First of all, the new European arrest warrant was exercised today for the first time. Michael Kurt was wanted in Sweden on drink-driving charges and was arrested in Alicante. He will be taken back to Sweden.
The arrest warrant is valid in eight Member States:
So far only eight states have adopted it: Britain, Belgium, Denmark, Finland, Ireland, Portugal, Spain and Sweden.
Moreover, another system is being introduced to provide every EU citizen with a smartcard. These health insurance smartcards will replace the E111 and other forms that allow every EU citizen access to the health systems of other Member States.
These smartcards will eventually include the bearer’s medical records and any other information deemed appropriate. The information here is taken from Ireland, and there does not appear to be any corroborating information at the Department of Health in the UK.
This new system standardises the information on citizens’ health held on databases throughout the European Union. In Member States where no cards exist at present within the healthcare system, these will be introduced. In most Member States, a European card will be introduced alongside the existing systems. It is in those countries where no system exists at present, that this proposal can act as a stimulus for standardising government databases and producing another precursor to a formal identity card.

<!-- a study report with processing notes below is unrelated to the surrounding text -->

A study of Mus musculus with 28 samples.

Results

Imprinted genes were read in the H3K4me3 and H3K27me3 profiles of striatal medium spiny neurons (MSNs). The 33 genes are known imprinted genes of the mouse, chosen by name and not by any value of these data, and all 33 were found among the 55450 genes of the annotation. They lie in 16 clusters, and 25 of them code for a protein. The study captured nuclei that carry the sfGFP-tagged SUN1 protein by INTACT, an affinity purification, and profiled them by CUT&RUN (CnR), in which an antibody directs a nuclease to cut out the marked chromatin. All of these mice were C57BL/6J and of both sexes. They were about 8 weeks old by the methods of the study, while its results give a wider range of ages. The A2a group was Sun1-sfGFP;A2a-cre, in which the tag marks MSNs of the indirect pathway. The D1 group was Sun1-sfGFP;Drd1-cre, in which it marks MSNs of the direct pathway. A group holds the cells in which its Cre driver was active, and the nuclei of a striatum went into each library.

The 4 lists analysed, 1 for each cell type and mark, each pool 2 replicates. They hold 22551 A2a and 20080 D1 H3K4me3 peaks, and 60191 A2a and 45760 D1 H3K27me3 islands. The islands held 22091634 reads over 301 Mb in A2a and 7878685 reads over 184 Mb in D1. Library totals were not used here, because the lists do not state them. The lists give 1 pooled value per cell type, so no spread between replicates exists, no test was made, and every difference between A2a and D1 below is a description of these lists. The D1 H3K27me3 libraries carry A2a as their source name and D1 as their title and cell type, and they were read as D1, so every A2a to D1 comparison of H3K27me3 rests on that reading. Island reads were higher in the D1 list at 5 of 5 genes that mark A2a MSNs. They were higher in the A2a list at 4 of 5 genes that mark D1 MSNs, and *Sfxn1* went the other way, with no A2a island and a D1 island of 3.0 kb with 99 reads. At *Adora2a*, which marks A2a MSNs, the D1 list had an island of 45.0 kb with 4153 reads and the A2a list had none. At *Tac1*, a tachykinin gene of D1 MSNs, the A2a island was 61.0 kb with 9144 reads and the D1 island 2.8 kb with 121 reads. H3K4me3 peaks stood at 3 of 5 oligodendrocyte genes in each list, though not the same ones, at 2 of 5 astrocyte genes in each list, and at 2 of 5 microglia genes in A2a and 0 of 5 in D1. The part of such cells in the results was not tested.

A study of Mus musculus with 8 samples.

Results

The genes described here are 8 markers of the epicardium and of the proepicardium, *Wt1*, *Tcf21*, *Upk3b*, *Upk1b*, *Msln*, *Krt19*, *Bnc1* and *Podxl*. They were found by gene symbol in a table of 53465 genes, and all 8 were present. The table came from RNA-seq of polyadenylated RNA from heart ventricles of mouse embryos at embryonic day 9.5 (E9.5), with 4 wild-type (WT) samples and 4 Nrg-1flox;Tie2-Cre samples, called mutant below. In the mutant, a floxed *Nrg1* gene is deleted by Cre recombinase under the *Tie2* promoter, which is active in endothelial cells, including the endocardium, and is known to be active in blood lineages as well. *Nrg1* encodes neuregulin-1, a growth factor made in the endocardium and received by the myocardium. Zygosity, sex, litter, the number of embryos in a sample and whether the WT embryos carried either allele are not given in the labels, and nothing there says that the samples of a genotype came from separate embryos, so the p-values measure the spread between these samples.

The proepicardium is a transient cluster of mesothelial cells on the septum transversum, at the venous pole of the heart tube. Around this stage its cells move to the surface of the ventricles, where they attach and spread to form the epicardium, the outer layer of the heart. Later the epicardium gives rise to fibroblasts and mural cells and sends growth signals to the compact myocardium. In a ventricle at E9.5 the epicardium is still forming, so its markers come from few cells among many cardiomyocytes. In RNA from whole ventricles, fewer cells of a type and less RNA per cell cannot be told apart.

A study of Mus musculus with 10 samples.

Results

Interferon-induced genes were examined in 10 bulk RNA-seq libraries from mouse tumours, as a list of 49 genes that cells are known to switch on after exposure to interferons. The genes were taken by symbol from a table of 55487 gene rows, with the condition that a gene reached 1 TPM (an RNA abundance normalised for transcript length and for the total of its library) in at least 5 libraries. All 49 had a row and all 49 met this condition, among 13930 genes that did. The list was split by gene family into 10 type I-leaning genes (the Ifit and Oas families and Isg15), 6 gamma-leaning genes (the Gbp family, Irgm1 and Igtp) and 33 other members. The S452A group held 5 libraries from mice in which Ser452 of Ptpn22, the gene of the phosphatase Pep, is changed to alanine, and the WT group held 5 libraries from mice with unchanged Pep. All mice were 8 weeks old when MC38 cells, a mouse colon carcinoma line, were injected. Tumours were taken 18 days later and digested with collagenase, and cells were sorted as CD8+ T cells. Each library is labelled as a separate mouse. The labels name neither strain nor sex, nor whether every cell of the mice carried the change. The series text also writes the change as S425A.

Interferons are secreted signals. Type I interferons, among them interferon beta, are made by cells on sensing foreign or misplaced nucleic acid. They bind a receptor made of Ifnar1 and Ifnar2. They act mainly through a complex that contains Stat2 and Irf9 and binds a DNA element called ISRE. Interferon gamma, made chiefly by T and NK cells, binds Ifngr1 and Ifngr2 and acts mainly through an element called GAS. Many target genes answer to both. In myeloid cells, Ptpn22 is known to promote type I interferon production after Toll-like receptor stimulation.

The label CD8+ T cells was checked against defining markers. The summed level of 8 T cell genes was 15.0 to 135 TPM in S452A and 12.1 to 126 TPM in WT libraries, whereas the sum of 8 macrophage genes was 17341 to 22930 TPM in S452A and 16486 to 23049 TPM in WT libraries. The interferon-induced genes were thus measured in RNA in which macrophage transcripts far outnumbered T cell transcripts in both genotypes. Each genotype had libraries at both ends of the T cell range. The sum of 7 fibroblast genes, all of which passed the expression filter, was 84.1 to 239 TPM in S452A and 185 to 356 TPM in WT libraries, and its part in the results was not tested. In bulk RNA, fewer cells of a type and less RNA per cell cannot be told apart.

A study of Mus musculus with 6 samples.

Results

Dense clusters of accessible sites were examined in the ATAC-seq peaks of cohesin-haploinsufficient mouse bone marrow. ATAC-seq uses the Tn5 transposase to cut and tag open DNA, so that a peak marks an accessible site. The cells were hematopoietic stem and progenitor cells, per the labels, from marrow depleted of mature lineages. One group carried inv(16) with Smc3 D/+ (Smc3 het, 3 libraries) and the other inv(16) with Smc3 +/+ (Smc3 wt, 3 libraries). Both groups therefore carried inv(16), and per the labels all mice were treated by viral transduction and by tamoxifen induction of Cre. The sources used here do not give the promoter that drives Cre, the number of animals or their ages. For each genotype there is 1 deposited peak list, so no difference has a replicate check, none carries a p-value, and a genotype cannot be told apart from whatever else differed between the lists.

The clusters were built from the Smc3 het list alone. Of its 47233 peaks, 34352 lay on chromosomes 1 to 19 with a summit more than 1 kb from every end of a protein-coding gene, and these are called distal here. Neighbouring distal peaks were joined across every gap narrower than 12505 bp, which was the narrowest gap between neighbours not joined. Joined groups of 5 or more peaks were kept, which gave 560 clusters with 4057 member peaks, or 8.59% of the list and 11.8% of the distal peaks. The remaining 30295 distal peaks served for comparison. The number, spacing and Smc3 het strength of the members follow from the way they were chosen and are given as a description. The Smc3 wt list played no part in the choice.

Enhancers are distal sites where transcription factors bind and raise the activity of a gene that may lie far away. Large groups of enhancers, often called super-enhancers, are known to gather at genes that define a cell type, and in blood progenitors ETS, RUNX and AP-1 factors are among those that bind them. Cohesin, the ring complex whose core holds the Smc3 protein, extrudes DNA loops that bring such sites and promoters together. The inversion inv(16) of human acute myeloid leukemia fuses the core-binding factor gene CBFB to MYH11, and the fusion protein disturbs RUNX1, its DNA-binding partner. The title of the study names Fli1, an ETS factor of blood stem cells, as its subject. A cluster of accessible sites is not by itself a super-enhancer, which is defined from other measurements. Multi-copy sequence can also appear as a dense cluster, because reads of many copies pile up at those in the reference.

Whilst electronic systems are here to stay, there are few safeguards against the dissemination of personal information. This is not noted in the draft EU regulation and presents another route by which the privacy of individuals may be undermined as ease of administration gains a higher priority than the right of the individual to safeguard and police his personal data.